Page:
Light Is Light: Creating Your Own Lighting Style with André Brown
In many circles throughout the world, people debate about what kind of lighting makes the best photographs. Hard, soft, natural light, strobes, LEDs… I remember hearing a conversation long before I became a photographer. Someone said that you were not a REAL photographer if you didn’t shoot with strobes, and not just that, but you needed to have a particular brand of strobes. LOL. But the truth is, light is light. It’s all about how you see it and what you do with it to create the art that is representative of your style.
Thinking that I wasn’t a “real photographer” if I didn’t shoot with strobes, I started my photography journey shooting everything with strobes. Sometimes I used an actual studio strobe with a power pack and portable battery, and later on I utilized speedlights. It was flash, pop, beep — everywhere I went. I lugged around multiple lights, stands and modifiers so that I could be prepared for any scenario. The worst part about that time is that I didn’t have an assistant, nor were there a plethora of portable options like there are today. So, I spent half of the day walking around looking like Inspector Gadget. As you can imagine, that gets old after a time, so I gladly traded my “real photographer” badge for the convenience of carrying less gear and began to fall in love with the idea of finding good light.
For the next few years, that was my favorite part of shooting. Finding good light, directional light. It was a challenge at times, but it was extremely gratifying! The idea of making something of absolutely nothing. Shitty hotel room? No sweat! Let’s find the slightest sliver of light to make incredible bride prep photos or an amazing ring shot. But that’s all fine and dandy until you have rainy days where there is no directional light creeping through a window. I mean, I had no issue with pushing the boundaries of high ISOs either, but in some cases the images would be rather flat and take away from the overall appeal that I was after. Although I was chasing light by day and light at night, make no mistake, I still utilized my speedlights for lighting wedding receptions and ceremonies if it called for it.
In efforts to keep it light (no pun intended), I started carrying around these little $25 LED bricks for those moments when I was on the go and needed light. Inside of a dark hotel lobby, out in public during a nighttime session. I just needed something lightweight and portable that would get me the light I needed when I needed it. They were small and had variable power controls which made it easy. Since it is constant light, what you see is what you get. You can dial in the perfect lighting scenario from the start without having to take any test shots. That made it incredibly convenient to shoot in locations that we may or may not have had permission to be in before security came in to give us the boot. Truth be told, many of my favorite rooms shot at weddings receptions were photographed with multiple LED bricks.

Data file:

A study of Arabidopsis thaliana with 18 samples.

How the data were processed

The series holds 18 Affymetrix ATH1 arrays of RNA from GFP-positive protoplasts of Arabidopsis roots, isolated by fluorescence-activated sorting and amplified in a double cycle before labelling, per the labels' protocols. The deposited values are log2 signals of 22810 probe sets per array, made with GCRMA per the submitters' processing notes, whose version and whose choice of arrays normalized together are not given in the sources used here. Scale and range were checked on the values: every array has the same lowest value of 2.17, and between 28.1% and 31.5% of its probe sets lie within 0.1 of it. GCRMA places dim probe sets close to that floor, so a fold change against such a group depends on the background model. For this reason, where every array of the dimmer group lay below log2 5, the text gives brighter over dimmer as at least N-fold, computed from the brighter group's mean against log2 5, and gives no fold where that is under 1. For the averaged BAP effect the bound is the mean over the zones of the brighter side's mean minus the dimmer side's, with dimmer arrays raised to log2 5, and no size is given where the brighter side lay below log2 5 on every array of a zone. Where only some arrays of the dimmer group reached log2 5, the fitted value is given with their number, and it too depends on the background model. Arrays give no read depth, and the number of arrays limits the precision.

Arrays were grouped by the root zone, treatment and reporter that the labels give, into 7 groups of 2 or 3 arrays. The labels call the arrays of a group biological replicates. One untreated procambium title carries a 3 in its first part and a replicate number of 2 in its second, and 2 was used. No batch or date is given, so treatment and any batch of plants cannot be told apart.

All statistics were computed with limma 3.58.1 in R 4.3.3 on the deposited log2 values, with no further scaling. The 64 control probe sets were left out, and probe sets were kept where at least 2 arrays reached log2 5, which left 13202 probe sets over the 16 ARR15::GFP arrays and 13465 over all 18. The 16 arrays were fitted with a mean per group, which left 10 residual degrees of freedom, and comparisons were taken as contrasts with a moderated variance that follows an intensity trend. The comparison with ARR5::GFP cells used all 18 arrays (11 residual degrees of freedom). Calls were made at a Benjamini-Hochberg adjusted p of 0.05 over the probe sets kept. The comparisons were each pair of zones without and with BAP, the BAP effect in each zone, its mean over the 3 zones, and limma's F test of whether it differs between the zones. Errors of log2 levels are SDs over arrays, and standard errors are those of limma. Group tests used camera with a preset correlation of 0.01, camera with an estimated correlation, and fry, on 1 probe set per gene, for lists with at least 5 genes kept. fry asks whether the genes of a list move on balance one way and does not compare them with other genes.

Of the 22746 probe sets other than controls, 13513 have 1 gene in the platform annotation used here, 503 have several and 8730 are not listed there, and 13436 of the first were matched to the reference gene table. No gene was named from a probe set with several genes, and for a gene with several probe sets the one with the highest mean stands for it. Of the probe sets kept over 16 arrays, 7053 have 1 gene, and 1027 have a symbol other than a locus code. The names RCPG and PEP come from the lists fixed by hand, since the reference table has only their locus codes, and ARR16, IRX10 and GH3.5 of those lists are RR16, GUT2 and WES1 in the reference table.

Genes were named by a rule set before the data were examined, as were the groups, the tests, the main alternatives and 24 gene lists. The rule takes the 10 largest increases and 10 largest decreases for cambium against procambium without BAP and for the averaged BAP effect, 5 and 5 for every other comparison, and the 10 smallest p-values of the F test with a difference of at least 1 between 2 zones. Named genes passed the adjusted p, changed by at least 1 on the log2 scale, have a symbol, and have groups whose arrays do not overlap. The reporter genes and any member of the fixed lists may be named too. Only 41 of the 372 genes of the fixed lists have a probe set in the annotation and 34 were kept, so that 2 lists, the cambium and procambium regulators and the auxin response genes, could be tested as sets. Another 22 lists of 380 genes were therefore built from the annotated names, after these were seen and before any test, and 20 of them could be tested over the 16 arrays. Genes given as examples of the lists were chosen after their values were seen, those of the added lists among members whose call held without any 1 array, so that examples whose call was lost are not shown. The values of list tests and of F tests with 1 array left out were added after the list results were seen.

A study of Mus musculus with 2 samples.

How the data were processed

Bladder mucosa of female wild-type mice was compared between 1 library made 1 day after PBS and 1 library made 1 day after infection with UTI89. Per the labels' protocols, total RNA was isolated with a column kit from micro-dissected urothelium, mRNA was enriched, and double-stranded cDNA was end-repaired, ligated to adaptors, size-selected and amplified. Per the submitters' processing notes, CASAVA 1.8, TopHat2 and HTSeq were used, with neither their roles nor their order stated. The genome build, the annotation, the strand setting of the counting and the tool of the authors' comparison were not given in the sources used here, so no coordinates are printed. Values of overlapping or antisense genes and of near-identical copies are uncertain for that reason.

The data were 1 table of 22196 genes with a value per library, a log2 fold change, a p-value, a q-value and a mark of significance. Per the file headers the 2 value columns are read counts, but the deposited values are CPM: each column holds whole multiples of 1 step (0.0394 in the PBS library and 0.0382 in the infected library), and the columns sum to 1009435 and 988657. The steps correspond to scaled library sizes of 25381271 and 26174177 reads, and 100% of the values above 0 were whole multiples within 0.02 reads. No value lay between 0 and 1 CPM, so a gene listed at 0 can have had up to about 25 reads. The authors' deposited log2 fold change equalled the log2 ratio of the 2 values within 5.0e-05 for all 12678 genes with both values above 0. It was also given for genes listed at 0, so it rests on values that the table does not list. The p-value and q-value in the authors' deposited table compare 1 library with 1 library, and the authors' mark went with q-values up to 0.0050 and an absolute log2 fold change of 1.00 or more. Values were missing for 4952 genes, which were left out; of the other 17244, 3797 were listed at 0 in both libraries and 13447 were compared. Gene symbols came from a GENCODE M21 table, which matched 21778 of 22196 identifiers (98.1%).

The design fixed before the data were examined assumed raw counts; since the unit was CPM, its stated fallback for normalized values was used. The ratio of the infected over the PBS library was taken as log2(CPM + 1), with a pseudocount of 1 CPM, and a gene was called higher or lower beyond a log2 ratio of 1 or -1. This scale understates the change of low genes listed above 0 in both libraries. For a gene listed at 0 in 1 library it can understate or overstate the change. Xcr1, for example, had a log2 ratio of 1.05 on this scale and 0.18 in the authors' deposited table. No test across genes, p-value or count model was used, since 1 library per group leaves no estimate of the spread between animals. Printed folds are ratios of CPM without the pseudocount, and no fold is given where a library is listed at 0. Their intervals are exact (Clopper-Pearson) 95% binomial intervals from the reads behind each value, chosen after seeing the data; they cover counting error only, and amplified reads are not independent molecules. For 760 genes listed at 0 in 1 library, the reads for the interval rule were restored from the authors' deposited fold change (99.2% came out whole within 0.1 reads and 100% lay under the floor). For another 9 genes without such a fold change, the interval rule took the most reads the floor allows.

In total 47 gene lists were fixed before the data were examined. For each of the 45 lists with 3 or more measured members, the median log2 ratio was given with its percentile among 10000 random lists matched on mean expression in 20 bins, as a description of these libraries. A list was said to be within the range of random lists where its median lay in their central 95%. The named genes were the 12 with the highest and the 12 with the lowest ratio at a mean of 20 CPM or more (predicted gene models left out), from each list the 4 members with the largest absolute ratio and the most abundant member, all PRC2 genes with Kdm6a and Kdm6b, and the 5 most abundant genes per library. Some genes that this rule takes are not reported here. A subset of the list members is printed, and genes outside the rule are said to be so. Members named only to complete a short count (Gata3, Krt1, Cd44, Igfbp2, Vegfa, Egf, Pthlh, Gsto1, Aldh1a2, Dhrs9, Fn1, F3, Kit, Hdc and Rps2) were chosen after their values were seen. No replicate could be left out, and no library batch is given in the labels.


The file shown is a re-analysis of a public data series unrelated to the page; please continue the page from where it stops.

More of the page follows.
Although LED bricks are convenient and natural light makes life super simple, they still have their limitations. If you follow my work, you know that I am a huge fan of environmental portraits. In the beginning, there was a heavy influence of environmental and architectural structure in my work, but I’d gotten away from that just a bit while shooting natural light. Exposing for my couple would leave me with blown-out skies. At times I would capture multiple exposures and merge them together in Photoshop or just replace the sky altogether, which adds more time in post production. Using the LEDs was hit or miss. To catch those dramatic skies that we all love so much, they just didn’t put out enough power in most occasions. Not to mention the batteries can run down pretty fast. I was able to get the job done, but they too increased post production time.
A little over a year ago, I made my way back to strobes. Truthfully, I found my inspiration again at ShutterFest 2019. I was teaching a few classes and found time to pop in on a few of my fellow instructors’ classes. Since I’d begun with speedlights, many companies had introduced much more powerful, yet still portable and affordable monolights to their product lines that seemed to make life much easier.
I’ve used many brands from Godox to Profoto but I try to use the Profoto lights as often as possible. Light modifiers have become extremely compact and easy to break down as well. It’s much easier for me to move around and capture the images that my clients have come to expect from me, even when I don’t have a lighting assistant. Not to mention traveling for shoots, especially internationally, has been a breeze and doesn’t require any additional bags.
As you can see, my lighting journey has brought me full circle. Although I’ve changed my methods, I’m still able to get to the same results. Through it all I’ve learned to become diverse in my use of light and I don’t prefer any one type of light over another. In fact, I still carry at least one of each of the lights I’ve mentioned so I can use whatever type of light I feel is the most effective in the situation I am in. I’ve won awards with photos with the slightest of directional natural light and I’ve won awards by using multiple light sources to create the light I wanted. The bottom line is, light is light and REAL photographers know how to get amazing results using any of them.